Hewlett Packard and Oracle’s increasingly bitter feud took an unexpected turn last week when HP was forced to backtrack from earlier claims that a former senior executive, Adrian Jones, had improperly backed up files before joining Oracle last March.
HP sued Jones in April, asserting that a month before he left HP he copied “hundred of files and thousands of emails” containing HP trade secrets onto an external hard drive (a copy of the complaint is linked below). Like many high profile trade secret cases, the lawsuit against Jones was accompanied by much fanfare as it followed the highly publicized departure of HP’s former CEO Mark Hurd, whom HP also sued for breach of his NDA when he too joined Oracle last September.
HP has now been forced to concede that Jones did not back up his computer with the hard drive in February (Jones’ filings and recent letter to the court detailing these concessions can be found at the link above). Instead, HP admits that hard drive was connected to the computer and the files copied in December by HP, which was investigating Jones for ethics violations at that time. According to the Wall Street Journal, HP has acknowledged that the serial number of that hard drive “matches the hard drive used by HP to create an image of Jones’ HP-issued laptop on or about December, 21, 2010.” HP’s forensic investigator said in an email turned over in discovery that he was no longer claiming that a backup occurred and that it was “a dead issue.”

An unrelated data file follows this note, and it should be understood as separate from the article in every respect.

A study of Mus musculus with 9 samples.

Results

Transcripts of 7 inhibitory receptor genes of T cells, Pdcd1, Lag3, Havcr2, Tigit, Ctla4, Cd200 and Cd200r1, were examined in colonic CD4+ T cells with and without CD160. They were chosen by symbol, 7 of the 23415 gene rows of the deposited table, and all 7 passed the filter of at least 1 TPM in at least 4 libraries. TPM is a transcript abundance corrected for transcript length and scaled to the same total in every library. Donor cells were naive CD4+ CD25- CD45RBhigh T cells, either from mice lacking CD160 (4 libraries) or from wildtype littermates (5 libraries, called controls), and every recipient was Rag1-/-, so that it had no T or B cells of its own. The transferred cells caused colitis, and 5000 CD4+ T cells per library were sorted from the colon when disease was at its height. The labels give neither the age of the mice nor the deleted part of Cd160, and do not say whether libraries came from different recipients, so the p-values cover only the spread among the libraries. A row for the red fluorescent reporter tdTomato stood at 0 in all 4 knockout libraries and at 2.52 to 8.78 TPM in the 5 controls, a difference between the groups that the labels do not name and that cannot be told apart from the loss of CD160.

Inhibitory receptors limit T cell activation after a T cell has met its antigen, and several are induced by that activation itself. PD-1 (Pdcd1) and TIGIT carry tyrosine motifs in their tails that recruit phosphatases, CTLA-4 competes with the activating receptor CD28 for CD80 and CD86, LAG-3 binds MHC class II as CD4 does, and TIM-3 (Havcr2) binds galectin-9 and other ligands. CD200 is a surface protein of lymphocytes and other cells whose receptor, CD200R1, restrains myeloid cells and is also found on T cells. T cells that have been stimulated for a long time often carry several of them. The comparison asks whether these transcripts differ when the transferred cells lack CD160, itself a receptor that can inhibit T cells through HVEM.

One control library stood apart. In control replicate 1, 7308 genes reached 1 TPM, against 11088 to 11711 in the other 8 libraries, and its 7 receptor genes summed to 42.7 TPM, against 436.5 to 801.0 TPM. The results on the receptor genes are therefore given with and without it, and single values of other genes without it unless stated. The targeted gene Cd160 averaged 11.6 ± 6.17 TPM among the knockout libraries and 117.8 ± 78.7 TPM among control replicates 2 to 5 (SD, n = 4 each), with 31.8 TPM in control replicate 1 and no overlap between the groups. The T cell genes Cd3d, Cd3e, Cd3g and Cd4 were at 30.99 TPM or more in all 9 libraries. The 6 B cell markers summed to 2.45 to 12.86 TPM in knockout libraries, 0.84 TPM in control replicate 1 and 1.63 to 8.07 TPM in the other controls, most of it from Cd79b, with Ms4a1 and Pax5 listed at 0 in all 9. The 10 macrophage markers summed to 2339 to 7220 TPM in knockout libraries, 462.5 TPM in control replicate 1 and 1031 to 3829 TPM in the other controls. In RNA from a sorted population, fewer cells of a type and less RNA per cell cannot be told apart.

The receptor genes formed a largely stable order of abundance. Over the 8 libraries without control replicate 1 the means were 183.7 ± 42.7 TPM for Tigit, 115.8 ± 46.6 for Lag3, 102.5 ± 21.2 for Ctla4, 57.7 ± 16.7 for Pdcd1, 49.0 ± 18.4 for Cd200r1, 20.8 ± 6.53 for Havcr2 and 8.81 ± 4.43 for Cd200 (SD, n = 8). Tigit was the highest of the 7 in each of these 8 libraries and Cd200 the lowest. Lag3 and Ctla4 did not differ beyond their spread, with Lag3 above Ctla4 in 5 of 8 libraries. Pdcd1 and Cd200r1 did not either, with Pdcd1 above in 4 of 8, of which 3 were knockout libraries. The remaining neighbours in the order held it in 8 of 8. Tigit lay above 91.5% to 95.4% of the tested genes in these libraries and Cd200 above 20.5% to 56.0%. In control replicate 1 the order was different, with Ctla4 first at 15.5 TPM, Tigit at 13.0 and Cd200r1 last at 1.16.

As one would expect, Jones’ attorneys have demanded that the case be dismissed and threatened to seek attorneys fees against HP for filing a bad faith trade secret action. HP has defended its suit by emphasizing Jones kept and ultimately returned other confidential documents after the lawsuit’s filing, contrary to his initial sworn declaration that he did not possess any confidential information.
The lesson for all of us? Verify your critical evidence before you file for a TRO. We all know how quickly important decisions are made in the TRO context and that they are compounded by the stress and emotion that come with these disputes. Nevertheless, if you are relying on one witness’ recollection of critical events, drill down and double-check that testimony before filing. Likewise, if you are relying on a single piece of forensic evidence (like the USB device that was described in HP’s complaint), take the time to have an outside vendor check and certify what you and your client think you have found. It will reduce, if not eliminate, the risk of finding out later you were wrong and having to explain that to a judge and very unhappy defendant.